The must read stories and talking points from Friday

Last chance for Southern Health leadership 

After months of intense regulatory and media scrutiny, the care failings at Southern Health Foundation trust have claimed their first board departure.

Yesterday the trust’s chair, Mike Petter, announced his resignation ahead of the publication of a damning inspection report from the Care Quality Commission today.

The CQC inspected the trust in response to the earlier, highly publicised report by audit firm Mazars, which criticised the trust’s failure to investigate and learn from patient deaths.

The sequence of events has been a bit disjointed in relation to this CQC inspection, with regulatory action outpacing the publication of the actual report. The CQC was so concerned by what it found that it issued the trust with a warning notice weeks ago. NHS Improvement followed this up by slapping a new condition of the trust’s licence which gives it the power to remove directors if Southern Health does not quickly turn things around.

Now that the report has been published, it’s easy to understand why that regulatory action was taken. The CQC has raisied concerns over a number of years about risks from the physical environment at the trust but in January discovered “multiple ligature points” at one location.

At another site nothing had been done about a low roof where one patient was injured in a fall, and which a number of patients detained under the Mental Health Act had used to abscond from the ward.

Perhaps most damaging though was the CQC’s comments that risks were “not driving the senior leadership or board agenda” and that there was “little evidence” the leadership was “being proactive in identifying risk to the people it cares for or of taking action to address that risk before concerns are raised by external bodies”.

Considering how long quality concerns have been hanging over Southern Health it is quite extraordinary that the CQC can still make those observations.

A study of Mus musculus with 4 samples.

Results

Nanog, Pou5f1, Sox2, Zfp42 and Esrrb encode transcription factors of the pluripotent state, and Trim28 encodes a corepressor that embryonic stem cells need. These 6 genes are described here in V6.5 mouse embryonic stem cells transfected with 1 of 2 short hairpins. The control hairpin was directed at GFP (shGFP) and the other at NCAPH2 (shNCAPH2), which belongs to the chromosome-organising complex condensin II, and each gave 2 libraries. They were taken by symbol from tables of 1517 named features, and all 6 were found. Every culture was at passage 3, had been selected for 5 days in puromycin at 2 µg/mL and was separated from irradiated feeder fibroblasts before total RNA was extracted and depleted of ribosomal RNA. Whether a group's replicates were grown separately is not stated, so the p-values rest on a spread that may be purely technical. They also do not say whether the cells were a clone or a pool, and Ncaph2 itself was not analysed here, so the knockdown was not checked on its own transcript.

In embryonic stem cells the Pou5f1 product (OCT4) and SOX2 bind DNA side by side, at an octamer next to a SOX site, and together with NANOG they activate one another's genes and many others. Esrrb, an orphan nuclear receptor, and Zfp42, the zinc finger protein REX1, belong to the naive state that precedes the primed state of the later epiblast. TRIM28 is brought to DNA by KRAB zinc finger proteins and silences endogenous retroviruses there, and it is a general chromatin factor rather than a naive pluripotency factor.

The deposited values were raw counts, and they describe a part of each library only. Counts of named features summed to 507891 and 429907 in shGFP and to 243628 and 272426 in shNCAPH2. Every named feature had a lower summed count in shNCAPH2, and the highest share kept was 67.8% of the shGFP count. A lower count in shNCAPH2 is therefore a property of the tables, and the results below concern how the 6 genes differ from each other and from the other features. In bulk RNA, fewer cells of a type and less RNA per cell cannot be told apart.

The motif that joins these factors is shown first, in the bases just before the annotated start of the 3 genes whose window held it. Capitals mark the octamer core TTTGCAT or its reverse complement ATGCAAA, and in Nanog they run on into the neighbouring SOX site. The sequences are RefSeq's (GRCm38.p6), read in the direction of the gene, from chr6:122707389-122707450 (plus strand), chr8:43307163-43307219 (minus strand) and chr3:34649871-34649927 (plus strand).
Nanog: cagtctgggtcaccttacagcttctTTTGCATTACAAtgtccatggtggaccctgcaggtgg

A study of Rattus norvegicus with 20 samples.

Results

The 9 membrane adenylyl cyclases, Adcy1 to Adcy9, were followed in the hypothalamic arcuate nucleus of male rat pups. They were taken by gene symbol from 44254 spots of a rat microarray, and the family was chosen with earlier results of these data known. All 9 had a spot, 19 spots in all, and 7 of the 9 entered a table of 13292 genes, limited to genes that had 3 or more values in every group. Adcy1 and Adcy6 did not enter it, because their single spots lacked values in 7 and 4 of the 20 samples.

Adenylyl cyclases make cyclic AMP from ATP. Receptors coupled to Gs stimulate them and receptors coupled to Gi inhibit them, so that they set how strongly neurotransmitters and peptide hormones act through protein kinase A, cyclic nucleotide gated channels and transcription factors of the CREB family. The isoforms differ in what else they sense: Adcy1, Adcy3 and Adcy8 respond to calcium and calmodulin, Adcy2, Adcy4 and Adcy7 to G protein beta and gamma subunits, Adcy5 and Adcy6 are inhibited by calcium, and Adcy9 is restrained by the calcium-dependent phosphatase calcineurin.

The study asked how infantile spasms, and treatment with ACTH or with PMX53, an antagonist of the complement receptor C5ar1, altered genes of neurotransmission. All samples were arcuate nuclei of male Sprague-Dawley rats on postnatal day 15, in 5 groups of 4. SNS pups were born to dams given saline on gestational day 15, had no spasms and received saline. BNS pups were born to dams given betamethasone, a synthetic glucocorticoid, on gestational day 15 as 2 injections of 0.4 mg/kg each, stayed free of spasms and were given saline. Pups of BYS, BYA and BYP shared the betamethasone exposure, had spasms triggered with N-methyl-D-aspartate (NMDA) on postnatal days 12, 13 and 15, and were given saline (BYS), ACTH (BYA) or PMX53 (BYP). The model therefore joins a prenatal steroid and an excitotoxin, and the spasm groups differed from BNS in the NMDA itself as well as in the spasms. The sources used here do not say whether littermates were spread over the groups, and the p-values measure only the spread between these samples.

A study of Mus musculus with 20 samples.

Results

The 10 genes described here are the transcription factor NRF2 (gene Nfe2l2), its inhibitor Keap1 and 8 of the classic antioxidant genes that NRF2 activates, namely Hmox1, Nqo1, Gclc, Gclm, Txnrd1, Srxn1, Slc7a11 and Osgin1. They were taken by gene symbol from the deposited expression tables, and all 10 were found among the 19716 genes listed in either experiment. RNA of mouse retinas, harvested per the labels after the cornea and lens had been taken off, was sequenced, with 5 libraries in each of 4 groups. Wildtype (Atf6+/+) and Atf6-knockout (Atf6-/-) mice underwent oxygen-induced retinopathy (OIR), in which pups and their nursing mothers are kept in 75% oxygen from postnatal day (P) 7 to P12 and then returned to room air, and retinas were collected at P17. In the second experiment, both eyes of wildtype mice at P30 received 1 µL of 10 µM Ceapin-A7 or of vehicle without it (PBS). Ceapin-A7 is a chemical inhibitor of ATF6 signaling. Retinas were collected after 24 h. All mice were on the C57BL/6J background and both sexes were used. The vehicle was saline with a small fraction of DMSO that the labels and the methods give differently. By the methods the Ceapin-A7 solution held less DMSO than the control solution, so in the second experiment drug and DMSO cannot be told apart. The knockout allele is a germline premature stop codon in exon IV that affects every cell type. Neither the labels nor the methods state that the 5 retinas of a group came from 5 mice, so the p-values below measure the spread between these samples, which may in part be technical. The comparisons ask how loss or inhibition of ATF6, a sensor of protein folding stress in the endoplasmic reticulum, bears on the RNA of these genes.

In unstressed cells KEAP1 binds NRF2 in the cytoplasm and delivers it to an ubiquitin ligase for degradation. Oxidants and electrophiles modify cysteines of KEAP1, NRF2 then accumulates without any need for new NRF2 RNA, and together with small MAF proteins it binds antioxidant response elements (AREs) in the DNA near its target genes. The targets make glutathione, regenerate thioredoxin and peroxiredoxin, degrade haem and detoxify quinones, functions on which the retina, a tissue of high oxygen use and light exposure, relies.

Following the chair’s departure NHS Improvement announced on Friday the appointment of Tim Smart, former chief executive at King’s College Hospital Foundation Trust as chair.

Southern Health seems to be in the last chance saloon. It has had its first board departure, but unless it rapidly raises its game it is unlikely to be the last.

Pay for national managers falls by a quarter

It looks like the junior doctors are not the only workforce group in the NHS who have grounds to complain. The latest report from the Senior Salaries Review Body, which makes pay recommendations for very senior managers at arms length bodies, reveals pay for these senior leaders has fallen by 23 per cent, in real terms, since 2009-10.

It also took the opportunity to lay criticism at the door of the Department of Health, who it said had failed to provide sufficient evidence to the review body to allow it make recommendations on pay for VSMs in 2016-17.

According to the SSRB senior managers under its remit, around 400 managers at NHS England and other national bodies, have not received a pay increase in five of the last six years.

Managers in Partnership chief executive Jon Restell said the SSRB had not been taken seriously by the government for many years.

The DH accepted it was late submitting evidence and said it was pressing ahead with a targeted 1 per cent pay rise for VSMs and would be making changes to the framework for senior managers which has not been updated since 2013.